The Portuguese Police may have reopened their missing persons investigation into the mysterious 2007 disappearance of British toddler Madeleine McCann at the insistence of Scotland Yard, but that doesn’t mean the two countries are following the same leads. McCann disappeared from her parent’s hotel room as they dined nearby with friends. Her younger twin siblings were left unharmed. The McCanns and their friends took turns checking on the children, essentially listening at the door for cries, but only discovered Madeleine missing several hours after she had left them unattended.
In October, Scotland Yard released two e-fit images of the man they believe may have snatched the three-year-old from her parent’s holiday villa at the Ocean Club resort in Praia da Luz, Portugal. The photos depict a white man between 20 and 40 years of age, with short cropped hair, who was seen by multiple witnesses the evening McCann disappeared. At least one witness claims to have seen the man carrying a bundled child.
But this week, the Portuguese police released their own images of a different suspect, a 40-year-old heroin addict named Euclides “Toni” Monteiro from Cape Verde, who was fired by the Ocean Club—where he worked as a waiter—and who, police say, may have snatched the young Briton in revenge. None of Scotland Yard’s known leads point to Monteiro, who was fired one year before Madeleine disappeared. And there is a big problem with the Portuguese suspect: he’s dead. Montiero died in a tractor accident four years ago but Portuguese police are reportedly investigating the property where he lived in Lagos, Portugal with his wife.
Monteiro was a known drug addict who was fired from the resort after allegedly stealing from guest rooms to feed his heroin addiction. According to the local newspaper, Correio de Manha, Portuguese police picked up Monteiro’s cellphone ping in the area the night McCann disappeared during a review of phone records instigated by Scotland Yard. He had been on their “watch list” after numerous Ocean Club employees had reported him as a suspicious character during interviews in the days after McCann’s disappearance. But because the Portuguese cops were only interested in Madeleine’s parents Kate and Gerry as their suspects, they failed to follow up on leads like those that could have potentially fingered Monteiro.
Now that Monteiro is dead, any new evidence leading to his alleged involvement into McCann’s kidnapping is greatly compromised. His wife, Luisa, who was interviewed by the Portuguese authorities last week, has admitted her late husband had problems, but she has flatly denied his involvement. “It is disgusting they are not looking for a dead man as a scapegoat,” she told local reporters. “It’s very easy to blame someone who can’t defend themselves anymore. My husband would never be capable of committing such a crime.”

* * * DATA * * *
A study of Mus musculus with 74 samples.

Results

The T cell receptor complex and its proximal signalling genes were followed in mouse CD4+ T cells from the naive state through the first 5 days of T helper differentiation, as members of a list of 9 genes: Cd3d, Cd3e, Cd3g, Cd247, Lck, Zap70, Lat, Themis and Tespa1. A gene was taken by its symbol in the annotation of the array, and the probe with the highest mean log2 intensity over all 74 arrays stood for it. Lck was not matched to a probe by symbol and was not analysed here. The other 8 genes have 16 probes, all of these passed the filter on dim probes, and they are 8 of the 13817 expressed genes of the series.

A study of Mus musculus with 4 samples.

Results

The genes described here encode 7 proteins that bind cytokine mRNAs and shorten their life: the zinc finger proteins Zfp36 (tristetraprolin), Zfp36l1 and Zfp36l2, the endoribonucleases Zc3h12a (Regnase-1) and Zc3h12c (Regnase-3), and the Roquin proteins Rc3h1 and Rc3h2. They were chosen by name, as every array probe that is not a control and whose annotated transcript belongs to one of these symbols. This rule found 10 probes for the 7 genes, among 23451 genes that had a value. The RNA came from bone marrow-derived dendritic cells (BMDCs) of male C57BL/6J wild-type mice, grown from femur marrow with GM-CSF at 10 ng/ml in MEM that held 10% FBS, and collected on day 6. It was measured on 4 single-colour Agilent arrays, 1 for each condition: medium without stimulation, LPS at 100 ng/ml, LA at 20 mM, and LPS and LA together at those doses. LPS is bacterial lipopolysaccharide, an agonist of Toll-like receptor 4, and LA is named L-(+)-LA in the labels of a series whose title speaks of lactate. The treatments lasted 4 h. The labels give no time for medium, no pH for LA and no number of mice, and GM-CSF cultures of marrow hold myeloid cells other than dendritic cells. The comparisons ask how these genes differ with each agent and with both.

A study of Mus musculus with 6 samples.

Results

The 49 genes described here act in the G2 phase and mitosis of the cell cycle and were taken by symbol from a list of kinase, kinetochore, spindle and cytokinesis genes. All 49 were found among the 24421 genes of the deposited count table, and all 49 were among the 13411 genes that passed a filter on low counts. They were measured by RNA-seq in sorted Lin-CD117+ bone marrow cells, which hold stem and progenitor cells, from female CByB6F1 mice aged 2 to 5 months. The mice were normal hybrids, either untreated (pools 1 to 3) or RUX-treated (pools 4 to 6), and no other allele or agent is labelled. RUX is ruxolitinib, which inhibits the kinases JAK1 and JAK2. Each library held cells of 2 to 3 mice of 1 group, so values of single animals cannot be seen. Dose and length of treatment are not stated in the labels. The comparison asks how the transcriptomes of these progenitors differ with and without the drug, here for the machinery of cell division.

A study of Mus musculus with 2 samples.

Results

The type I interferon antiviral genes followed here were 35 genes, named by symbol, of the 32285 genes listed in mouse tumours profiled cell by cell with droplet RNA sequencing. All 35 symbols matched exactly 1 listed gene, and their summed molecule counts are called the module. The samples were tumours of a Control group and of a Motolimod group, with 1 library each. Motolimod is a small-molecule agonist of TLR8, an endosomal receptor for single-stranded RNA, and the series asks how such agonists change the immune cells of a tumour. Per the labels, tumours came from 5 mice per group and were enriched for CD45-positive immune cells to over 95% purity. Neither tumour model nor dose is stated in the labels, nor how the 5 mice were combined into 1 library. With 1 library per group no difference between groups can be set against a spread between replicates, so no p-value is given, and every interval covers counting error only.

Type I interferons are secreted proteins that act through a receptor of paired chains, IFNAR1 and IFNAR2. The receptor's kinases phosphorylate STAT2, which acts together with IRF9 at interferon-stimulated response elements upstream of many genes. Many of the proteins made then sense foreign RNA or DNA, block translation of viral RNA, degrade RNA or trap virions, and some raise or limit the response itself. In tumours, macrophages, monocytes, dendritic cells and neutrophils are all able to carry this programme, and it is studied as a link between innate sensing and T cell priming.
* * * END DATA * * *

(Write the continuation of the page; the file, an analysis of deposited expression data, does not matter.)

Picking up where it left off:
Many people who worked with Monteiro said that he was a known petty thief who was a “slave to his addictions,” but that it would have been out of character to kidnap a child, even in revenge for losing his job.
In fact, many people who worked with Monteiro said that he was a known petty thief who was a “slave to his addictions,” but that it would have been out of character to kidnap a child, even in revenge for losing his job. There are no material witnesses who placed a black man at the scene the night of the disappearance, and the cellphone ping could be an anomaly, or it could mean that Monteiro was snooping around the resort to ransack rooms. Monteiro’s sister Paula told a Portuguese television station that her brother was constantly selling and swapping his cellphones, and that he had more than one phone in 2007.
Correio de Manha, which is a popular Portuguese tabloid paper, reports that investigators are working on the theory that Monteiro was hoping to ask for ransom for the young child, but that he allegedly killed her when the story went global. Portuguese investigators refused to comment on the Monteiro angle to The Daily Beast. But with the absence of McCann’s remains and no material witnesses putting him at the scene, the Monteiro theory will be almost impossible to prove. Meanwhile, the search is still on for Scotland Yard’s suspect. After a BBC Crimewatch segment aired last month, investigators received thousands of calls. The case remains unsolved.